How is a cervicothoracic sympathetic block administered for pain management?

Updated: Jun 19, 2018
  • Author: Anthony H Wheeler, MD; Chief Editor: Meda Raghavendra (Raghu), MD  more...

Answer

The lumbar and twelfth thoracic vertebral spines are identified and marked, and parallel lines to the vertical axis of the spine are drawn 7-8 cm from the axial midline. Then the tip of the twelfth rib is palpated and marked. Another mark is placed in the midline between the twelfth thoracic and first lumbar vertebral spines. Connecting lines between these 3 marks produce a flat isosceles triangle. Skin wheals are placed over the marks immediately below the twelfth rib, and a 12-15 cm, 20-gauge needle (without the syringe) is inserted.

Pertinent anatomy for celiac plexus block. Pertinent anatomy for celiac plexus block.
Pertinent anatomy for celiac plexus block (cross-s Pertinent anatomy for celiac plexus block (cross-sectional view).
Retrocrural and anterocrural relationships (celiac Retrocrural and anterocrural relationships (celiac plexus block).
Celiac plexus block, retrocrural (deep splanchnic) Celiac plexus block, retrocrural (deep splanchnic) technique. See text for details.
Surface anatomy and markings for celiac plexus blo Surface anatomy and markings for celiac plexus block.

The needle is inserted between the T12 and L1 vertebral spines in a plane that is 45° to the horizontal table. This placement allows contact with the L1 vertebral body at a depth of 7-9 cm. More superficial bony contact is usually caused by needle impingement upon a vertebral transverse process. C-arm fluoroscopy is helpful for guiding the direction and depth of the needle. After the vertebral body is identified clearly, the needle is withdrawn to subcutaneous level and the angle changed to allow the tip to slip past the lateral border of the vertebral body.

After the needle tip passes by the vertebral body, it should be inserted an additional 1.5-2 cm or until it approaches the aortic wall, which can be recognized by transmission of pulsations from this vascular structure through the needle. On the right, the needle insertion can be placed deeper, approximately 2-3 cm beyond the vertebral body. Aspiration after needle placement is critical prior to the injection of LA or a neurolytic agent. Besides blood, faulty needle puncture may yield urine or CSF.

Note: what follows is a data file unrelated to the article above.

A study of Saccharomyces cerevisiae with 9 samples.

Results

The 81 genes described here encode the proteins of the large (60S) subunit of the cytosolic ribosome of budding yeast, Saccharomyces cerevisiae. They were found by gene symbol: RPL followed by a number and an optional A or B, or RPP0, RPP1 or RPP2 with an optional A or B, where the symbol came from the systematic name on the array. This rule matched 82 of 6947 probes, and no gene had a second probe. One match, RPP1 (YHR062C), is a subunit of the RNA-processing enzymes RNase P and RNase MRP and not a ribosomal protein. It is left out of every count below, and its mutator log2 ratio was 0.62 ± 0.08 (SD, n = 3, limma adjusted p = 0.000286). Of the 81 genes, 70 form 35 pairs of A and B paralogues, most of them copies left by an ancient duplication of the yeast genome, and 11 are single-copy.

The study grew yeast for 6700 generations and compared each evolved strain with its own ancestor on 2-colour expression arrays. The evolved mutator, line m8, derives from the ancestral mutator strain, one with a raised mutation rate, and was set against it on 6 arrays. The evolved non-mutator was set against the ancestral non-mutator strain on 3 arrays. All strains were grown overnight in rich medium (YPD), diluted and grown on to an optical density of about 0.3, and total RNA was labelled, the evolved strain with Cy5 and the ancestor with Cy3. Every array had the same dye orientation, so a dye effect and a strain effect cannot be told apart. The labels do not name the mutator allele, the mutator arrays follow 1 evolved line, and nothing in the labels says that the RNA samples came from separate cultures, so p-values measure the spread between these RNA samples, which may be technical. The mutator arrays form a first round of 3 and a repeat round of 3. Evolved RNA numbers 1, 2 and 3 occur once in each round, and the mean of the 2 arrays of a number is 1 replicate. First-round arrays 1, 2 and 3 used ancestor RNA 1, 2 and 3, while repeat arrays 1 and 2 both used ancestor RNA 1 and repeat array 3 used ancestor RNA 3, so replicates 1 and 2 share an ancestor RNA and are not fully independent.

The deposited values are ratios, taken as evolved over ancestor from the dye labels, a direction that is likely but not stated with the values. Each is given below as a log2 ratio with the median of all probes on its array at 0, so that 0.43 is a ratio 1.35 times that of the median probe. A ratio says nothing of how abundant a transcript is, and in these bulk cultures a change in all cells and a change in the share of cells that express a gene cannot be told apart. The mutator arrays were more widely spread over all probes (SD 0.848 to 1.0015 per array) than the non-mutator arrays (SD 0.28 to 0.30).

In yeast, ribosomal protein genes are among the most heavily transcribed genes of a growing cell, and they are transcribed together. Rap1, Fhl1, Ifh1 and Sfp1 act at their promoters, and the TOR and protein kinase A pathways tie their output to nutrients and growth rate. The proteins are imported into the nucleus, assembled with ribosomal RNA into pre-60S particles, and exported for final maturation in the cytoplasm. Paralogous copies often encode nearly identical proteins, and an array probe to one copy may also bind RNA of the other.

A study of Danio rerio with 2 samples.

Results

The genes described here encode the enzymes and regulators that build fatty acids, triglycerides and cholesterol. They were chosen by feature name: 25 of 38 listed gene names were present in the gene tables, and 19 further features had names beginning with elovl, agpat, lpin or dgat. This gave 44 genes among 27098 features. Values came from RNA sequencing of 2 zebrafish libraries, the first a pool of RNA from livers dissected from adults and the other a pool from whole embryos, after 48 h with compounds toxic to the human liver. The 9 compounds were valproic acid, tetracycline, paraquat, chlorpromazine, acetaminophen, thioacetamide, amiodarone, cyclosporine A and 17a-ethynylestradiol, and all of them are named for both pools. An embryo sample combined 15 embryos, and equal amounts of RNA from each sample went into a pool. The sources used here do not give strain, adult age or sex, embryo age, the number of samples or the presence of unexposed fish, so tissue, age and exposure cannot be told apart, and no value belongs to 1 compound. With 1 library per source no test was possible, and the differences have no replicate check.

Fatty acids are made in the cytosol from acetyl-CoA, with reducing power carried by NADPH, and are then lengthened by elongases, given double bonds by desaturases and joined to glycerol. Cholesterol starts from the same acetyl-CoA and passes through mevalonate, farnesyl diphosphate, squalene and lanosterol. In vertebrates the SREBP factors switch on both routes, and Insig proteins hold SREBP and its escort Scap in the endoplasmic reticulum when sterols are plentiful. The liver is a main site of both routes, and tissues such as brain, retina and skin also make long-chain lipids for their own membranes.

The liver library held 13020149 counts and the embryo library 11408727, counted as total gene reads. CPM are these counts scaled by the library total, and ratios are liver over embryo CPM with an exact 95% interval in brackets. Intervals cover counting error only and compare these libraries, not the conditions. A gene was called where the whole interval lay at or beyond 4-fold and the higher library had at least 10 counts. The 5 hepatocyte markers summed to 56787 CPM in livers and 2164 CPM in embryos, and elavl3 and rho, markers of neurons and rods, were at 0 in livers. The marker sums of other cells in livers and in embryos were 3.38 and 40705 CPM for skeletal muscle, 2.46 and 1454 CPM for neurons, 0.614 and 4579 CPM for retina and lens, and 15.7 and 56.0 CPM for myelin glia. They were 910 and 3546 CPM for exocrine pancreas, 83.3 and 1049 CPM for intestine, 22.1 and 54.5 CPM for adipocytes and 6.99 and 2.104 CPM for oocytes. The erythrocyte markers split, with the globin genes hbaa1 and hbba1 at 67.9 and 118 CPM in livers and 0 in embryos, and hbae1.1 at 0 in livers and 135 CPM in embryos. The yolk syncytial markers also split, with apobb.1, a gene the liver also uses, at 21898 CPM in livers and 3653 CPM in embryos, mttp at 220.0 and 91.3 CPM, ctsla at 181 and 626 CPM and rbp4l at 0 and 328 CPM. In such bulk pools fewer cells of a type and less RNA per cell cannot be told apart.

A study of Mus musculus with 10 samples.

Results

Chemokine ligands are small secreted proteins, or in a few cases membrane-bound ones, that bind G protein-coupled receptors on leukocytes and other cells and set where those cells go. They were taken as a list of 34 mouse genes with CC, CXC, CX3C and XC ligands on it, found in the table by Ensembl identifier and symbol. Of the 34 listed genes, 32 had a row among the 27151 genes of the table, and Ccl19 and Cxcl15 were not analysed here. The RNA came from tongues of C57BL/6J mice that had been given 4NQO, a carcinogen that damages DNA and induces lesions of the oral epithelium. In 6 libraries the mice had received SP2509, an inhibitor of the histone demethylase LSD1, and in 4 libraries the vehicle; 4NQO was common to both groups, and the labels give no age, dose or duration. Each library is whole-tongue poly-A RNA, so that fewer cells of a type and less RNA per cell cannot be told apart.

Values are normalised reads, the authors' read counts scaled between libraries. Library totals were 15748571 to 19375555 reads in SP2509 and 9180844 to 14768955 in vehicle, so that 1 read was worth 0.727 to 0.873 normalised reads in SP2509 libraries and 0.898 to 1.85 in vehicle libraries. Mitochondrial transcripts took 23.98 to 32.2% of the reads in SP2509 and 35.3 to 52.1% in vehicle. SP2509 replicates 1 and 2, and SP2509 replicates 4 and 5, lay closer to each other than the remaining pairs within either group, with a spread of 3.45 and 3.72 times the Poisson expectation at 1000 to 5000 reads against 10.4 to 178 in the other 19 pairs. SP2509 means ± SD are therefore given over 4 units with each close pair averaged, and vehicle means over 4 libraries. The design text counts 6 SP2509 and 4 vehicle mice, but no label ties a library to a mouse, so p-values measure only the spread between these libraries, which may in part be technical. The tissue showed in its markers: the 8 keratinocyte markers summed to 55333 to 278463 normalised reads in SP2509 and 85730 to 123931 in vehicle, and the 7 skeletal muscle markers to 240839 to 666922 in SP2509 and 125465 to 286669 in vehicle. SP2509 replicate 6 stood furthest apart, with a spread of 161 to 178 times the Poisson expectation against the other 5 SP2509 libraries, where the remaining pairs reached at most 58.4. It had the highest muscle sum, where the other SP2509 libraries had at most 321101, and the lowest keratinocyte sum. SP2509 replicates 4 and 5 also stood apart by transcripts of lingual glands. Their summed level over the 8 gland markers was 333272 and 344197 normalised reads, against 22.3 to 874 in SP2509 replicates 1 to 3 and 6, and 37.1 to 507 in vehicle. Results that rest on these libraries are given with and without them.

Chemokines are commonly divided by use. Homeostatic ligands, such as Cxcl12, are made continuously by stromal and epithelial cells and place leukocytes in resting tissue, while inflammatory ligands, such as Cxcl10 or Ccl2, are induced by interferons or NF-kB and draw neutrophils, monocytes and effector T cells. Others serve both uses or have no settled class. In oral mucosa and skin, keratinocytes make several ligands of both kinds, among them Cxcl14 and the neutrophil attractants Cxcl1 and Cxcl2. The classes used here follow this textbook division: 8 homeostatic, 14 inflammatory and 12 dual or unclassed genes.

Lumbar sympathetic blockade also should be performed by an experienced anesthesiologist, preferably using C-arm fluoroscopic guidance. Using the technique described by Brown, the patient is placed in prone position. The second or third lumbar vertebral spines are identified, and a mark is placed on the skin 7-9 cm lateral to the midline. A skin wheal is raised using a 15-cm, 20- or 22-gauge needle, which then is inserted through the skin at an angle of 30-45° from the vertical plane ascribed to the patient's midline. The needle is advanced until it contacts the lateral aspect of the L2 vertebral body.

Superficial contact usually is caused by encroachment upon the transverse process. The needle is repositioned and redirected in a cephalad or caudal manner to avoid the transverse process. The target position for the needle is the anterolateral surface of L2. When the needle is in position, and after aspiration, 15-20 mL of LA solution, usually 0.5% lidocaine or 0.125-0.25% bupivacaine, is injected.

Complications are rare but can occur, including accidental injection into the inferior vena cava on the right or the aorta on the left, damage to lumbar vessels, and unintentional needle penetration or anesthesia to neighboring somatic nerves. Sympathetic nervous system monitoring (which has not been discussed in detail) determines the presence and extent of sympathetic blockade.

Pertinent anatomy for lumbar sympathetic block (cr Pertinent anatomy for lumbar sympathetic block (cross-sectional view).
Surface technique of lumbar sympathetic block. See Surface technique of lumbar sympathetic block. See text for details.
Lumbar sympathetic block, cross-sectional techniqu Lumbar sympathetic block, cross-sectional technique. See text for details.